Sylvain Charlebois is the new Dean of the faculty of management at Dalhousie University.

Sylvain Charlebois

The second coming of the Dirty Thirties? Climate change will bring drought and depression Add to ...

Sylvain Charlebois, is dean of the Faculty of Management and professor in food distribution and policy, Faculty of Agriculture, at Dalhousie University.

Some experts believe the wildfires at Fort McMurray suggest we should become accustomed to major disasters that may be linked to the long-term effects of climate change. But the stakes are different in the Prairies. According to a recent study from the University of Winnipeg, the Prairie region represents a unique case around the world.

The study reports that the Canadian Prairies could be the most affected area in the world over the next few decades. Jeopardizing our breadbasket makes climate change the most serious threat to our food security.

Learning that climate change will affect agriculture is not overly surprising, but the expected pace is jaw-dropping. The Manitoba-based report suggests that summers in the Prairies will become hotter and longer. Using a Prairie Climate Atlas, a group of scientists predicted that over the next 50 to 60 years the climate picture is not pretty. For example, the atlas predicts Winnipeg could see 46 days a year of temperatures over 30 C, a frequency which is four times what the city experiences now. Currently, Winnipeg experiences 11 days of 30 C weather on average a year. For Edmonton, Calgary, Regina and Saskatoon the number could grow up to seven times current averages.

These are desert-like temperatures, similar to what one finds in Texas, or even in Mexico. And yes, fire-stricken Fort McMurray is likely to experience warmer and dryer weather in the future.

These are staggering statistics. More heat and less moisture will compromise our ability to grow our agrifood economy. But also, other than farmers, reports on climate change suggest that the most vulnerable to climate change include people and families with less means and indigenous communities. Food will likely become less affordable and the ability for some remote regions to grow food will be negatively affected.

Globally, Canada is currently ranked seventh in world in cereal production and ninth in world in meat production. Canada is first in rapeseed, second in oats, third in pulses, fourth in barley and as an agricultural exporting country, Canada is sixth in the world.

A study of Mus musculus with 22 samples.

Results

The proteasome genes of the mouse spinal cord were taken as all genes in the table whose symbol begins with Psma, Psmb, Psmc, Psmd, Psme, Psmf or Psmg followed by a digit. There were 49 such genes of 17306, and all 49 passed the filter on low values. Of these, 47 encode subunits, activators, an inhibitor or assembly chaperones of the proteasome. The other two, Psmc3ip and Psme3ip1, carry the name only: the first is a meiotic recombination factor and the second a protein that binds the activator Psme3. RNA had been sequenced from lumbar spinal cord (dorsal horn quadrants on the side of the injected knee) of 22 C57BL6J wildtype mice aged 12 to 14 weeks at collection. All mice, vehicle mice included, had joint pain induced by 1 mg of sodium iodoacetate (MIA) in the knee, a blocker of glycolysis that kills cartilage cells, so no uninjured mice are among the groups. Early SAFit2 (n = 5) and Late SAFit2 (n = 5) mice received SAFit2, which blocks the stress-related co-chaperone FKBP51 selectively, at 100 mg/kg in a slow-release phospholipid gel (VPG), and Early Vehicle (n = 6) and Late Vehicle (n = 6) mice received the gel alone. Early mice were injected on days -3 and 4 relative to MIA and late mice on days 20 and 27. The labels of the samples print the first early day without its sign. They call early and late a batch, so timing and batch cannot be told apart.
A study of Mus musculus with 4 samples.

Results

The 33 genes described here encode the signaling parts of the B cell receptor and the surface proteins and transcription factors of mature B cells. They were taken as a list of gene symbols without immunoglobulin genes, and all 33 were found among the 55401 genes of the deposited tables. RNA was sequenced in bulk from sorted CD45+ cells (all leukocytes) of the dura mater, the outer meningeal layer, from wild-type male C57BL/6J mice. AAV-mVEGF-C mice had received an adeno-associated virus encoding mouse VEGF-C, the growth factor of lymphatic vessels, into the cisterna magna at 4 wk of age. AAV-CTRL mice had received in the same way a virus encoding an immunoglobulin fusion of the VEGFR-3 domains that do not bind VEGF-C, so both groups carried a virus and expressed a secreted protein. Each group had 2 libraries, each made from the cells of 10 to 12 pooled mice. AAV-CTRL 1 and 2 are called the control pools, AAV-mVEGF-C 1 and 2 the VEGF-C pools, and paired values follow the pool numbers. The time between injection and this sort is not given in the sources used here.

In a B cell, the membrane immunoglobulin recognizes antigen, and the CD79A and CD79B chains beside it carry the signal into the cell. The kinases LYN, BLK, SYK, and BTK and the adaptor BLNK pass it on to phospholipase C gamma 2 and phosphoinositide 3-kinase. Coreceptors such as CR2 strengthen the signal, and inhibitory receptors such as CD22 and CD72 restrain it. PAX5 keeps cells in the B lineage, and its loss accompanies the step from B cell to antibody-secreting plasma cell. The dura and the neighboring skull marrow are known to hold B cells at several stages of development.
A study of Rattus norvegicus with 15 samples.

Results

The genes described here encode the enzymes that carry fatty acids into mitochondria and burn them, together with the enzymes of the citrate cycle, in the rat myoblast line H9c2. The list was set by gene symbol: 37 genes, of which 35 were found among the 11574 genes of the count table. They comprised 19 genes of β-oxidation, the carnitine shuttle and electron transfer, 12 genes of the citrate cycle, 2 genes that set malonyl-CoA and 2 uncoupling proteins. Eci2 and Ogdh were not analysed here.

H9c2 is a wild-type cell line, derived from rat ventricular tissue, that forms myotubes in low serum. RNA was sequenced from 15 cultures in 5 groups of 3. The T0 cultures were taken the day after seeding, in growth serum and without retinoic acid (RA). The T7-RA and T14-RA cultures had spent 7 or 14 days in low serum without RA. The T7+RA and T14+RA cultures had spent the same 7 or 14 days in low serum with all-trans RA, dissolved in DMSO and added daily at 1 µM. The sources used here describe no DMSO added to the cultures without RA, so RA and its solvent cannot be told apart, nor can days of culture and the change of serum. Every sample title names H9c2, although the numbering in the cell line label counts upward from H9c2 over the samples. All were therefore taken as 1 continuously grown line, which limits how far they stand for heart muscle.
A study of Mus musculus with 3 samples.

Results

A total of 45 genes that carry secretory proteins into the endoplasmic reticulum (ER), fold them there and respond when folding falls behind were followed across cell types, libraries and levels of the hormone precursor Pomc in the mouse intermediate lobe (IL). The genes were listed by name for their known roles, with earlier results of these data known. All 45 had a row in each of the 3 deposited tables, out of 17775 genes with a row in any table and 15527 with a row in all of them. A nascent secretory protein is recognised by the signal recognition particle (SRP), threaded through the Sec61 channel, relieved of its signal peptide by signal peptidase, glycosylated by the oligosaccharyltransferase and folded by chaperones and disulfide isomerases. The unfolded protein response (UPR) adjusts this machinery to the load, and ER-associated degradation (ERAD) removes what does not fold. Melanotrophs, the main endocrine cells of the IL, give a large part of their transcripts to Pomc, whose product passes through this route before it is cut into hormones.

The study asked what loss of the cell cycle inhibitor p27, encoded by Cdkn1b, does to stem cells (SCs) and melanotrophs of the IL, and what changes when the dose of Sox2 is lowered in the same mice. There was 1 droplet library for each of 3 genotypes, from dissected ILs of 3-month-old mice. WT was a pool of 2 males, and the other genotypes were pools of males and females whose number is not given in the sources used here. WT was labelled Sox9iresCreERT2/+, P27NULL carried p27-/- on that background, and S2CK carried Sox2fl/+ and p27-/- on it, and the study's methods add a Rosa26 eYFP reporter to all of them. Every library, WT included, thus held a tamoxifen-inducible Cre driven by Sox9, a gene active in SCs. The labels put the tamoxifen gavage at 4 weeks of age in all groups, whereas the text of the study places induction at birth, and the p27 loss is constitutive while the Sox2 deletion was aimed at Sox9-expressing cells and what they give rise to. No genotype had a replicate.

The Prairies are home to nearly half of Canada’s farms and much larger shares of its cropland and grassland bases. Reports claim that crop yields could easily drop by more than 50 per cent in the Prairies due to climate change. Consequently our contribution to global food systems could seriously be endangered. Changes in weather cycles can also influence crop pests and disease as they could increase due to higher levels of atmospheric carbon dioxide. Increased prevalence of pests and pathogens in livestock and crops is also a definite possibility in the future. With many more days of 30 C temperature, the severity and impact can potentially be significant as well.

Water irrigation issues have been on the radar for quite some time in the Prairies, but climatic perils may be too much for what is currently being done. This problem is not only for the Prairies to deal with, but is a matter for all Canadians.

Media coverage of droughts in California and other regions have been extensive. But we rarely consider how weather patterns can affect the agrifood sector in Canada. Adaptation will be part of the new normal in addressing water scarcity and changes in temperature. Coping with the impacts of climate change will involve a comprehensive plan which allows for policymakers and industry stakeholders alike to identify and develop prevention measures to offset what is likely to happen. Most importantly, what goes on in urban areas affects rural Canada, and this most recent survey calls for changes that not only safeguard the quality of life in cities, but also the future of food systems in general. Ontario’s climate change plan is a good start, but it will require a multisectorial, multiregional strategy which needs to be captured into our national food strategy.

Ottawa still has yet to generate or endorse an influential national food strategy for Canadians. Compared to America’s Farm Bill, Canada’s Growing Forward is mainly an inconsequential attempt to check all the proverbial political boxes. The Depression and drought of the Dirty Thirties were shattering. This time we have data to prevent this from happening and a clear vision for our agrifood systems that can make a difference for all Canadians and the world.